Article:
The federal government is rewarding doctors and hospitals for moving to electronic health records — and will soon punish them if they don't — even though these records currently make it easier for health care providers to defraud government-paid health programs, fraud experts say.
The Department of Health and Human Services' inspector general charged in December that the basic auditing safeguards that also help to prevent fraud for electronic health records (EHRs) weren't in place in many hospitals, or they were being used, but vulnerable to corruption.
Yet the Centers for Medicare and Medicaid Services still doesn't require health care providers to keep their audit systems on. Reed Gelzer, a former primary care doctor who is now an EHR consultant to the federal government and private groups, says that means the health records that are maintained electronically can be easily falsified, altered or otherwise misrepresented.
"There have been billions spent on these systems and incentives paid to providers, but there is no private or government agency that provides oversight," said Dan Bowerman, a Philadelphia chiropractor who has assisted in many state and federal fraud investigations.
Preventing EHR fraud is a "top priority" for CMS, spokesman Aaron Albright said in an e-mail response.
"We are working to create strong standards for validating electronic health records to ensure that we allow beneficiaries to receive the care they need and at the same time protect taxpayers from fraud, waste and abuse," he said.
A 2009 federal law requires that certified EHRs have to be used in a "meaningful manner." This includes e-prescribing, sharing health information and allowing providers to submit clinical quality measures, such as patient care outcomes.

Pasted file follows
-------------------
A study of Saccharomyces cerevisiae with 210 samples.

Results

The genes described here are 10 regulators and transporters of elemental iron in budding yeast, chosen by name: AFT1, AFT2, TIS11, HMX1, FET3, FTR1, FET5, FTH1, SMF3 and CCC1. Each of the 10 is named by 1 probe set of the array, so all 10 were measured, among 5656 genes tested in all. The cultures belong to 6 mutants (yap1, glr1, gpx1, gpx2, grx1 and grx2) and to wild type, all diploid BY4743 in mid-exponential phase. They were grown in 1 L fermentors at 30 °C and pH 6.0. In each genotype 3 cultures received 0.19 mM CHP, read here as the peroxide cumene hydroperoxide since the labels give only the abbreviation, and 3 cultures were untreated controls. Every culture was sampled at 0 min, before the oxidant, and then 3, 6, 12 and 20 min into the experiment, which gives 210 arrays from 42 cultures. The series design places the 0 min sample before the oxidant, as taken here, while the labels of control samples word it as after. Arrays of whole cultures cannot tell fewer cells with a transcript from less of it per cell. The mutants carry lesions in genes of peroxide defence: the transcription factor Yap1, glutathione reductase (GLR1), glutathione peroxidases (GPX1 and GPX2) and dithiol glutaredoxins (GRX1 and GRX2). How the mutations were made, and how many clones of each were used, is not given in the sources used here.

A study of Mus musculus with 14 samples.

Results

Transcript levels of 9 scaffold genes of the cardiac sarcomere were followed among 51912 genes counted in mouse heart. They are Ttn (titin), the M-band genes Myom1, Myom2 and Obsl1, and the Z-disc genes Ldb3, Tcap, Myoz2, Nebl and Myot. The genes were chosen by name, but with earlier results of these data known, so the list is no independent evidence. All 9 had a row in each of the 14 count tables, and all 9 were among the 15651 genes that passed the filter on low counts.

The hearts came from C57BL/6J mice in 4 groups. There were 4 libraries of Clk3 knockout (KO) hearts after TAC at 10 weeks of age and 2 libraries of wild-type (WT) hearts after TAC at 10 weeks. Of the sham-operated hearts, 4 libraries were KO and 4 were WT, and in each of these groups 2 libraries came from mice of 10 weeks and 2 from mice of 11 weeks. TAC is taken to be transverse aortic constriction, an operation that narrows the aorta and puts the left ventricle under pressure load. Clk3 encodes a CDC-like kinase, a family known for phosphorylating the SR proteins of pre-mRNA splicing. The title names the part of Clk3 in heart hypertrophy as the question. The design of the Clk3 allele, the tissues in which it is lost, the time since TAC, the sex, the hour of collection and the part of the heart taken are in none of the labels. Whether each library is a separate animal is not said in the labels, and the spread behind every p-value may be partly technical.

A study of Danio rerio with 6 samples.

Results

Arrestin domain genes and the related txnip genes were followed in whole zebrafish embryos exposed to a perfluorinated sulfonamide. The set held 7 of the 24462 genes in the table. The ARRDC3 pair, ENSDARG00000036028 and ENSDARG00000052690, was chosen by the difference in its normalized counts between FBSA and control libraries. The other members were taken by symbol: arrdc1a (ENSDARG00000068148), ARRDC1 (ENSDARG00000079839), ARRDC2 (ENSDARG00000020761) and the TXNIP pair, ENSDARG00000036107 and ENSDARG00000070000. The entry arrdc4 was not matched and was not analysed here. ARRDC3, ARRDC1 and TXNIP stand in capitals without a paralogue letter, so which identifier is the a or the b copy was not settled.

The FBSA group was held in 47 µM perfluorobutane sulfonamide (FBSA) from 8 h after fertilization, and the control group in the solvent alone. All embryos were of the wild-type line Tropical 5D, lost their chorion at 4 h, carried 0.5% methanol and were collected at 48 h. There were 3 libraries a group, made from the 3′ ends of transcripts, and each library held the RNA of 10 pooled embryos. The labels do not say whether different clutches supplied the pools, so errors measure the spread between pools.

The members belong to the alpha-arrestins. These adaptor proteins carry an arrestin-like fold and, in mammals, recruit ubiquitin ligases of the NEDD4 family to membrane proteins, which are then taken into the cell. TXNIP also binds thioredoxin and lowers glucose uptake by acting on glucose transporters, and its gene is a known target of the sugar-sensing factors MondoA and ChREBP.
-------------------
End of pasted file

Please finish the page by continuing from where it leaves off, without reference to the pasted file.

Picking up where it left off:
Electronic records can be enormously beneficial in medicine because they improve patient care and cut costs - key goals of the Affordable Care Act - by allowing doctors and pharmacists to coordinate treatment. That reduces medical errors and avoids duplication of procedures. HHS has spent more than $22.5 billion in financial incentives for doctors and hospitals to use EHRs, and those that don't will soon have their Medicare payments reduced.
The problems occur when the records aren't audited for reliability or checked for cloned records, said Bowerman, a former medical director at a major insurer. Questionable electronic documentation systems allow providers to add notes to existing records or create new records where none existed before. Some health care providers who are the subject of insurance company audits or criminal investigations have created such records, Bowerman said.
The push for EHRs comes as funding for fraud prevention has been on a downward trend, federal data show, though some funding is set to increase in 2015. Even though the Health Care Fraud and Abuse Control program and Medicare Integrity Program recover more than $8 for every $1 spent, the two programs only make up about 0.22% of total federal health care expenditures, Gelzer estimates using federal and congressional data.
CMS is working on new standards and ways to identify when records are copied and used inappropriately in future notes, wrongly modified or altered by date or author. The agency said it is also trying to identify best practices for detecting fraud and abuse associated with EHRs with the help of contractors.
Gelzer said the best way to do that will be to spur better accuracy and reliability with more funding for regulation and enforcement.
"Investigators I've spoken with say that the only constraint on more recoveries is more resources," Gelzer said.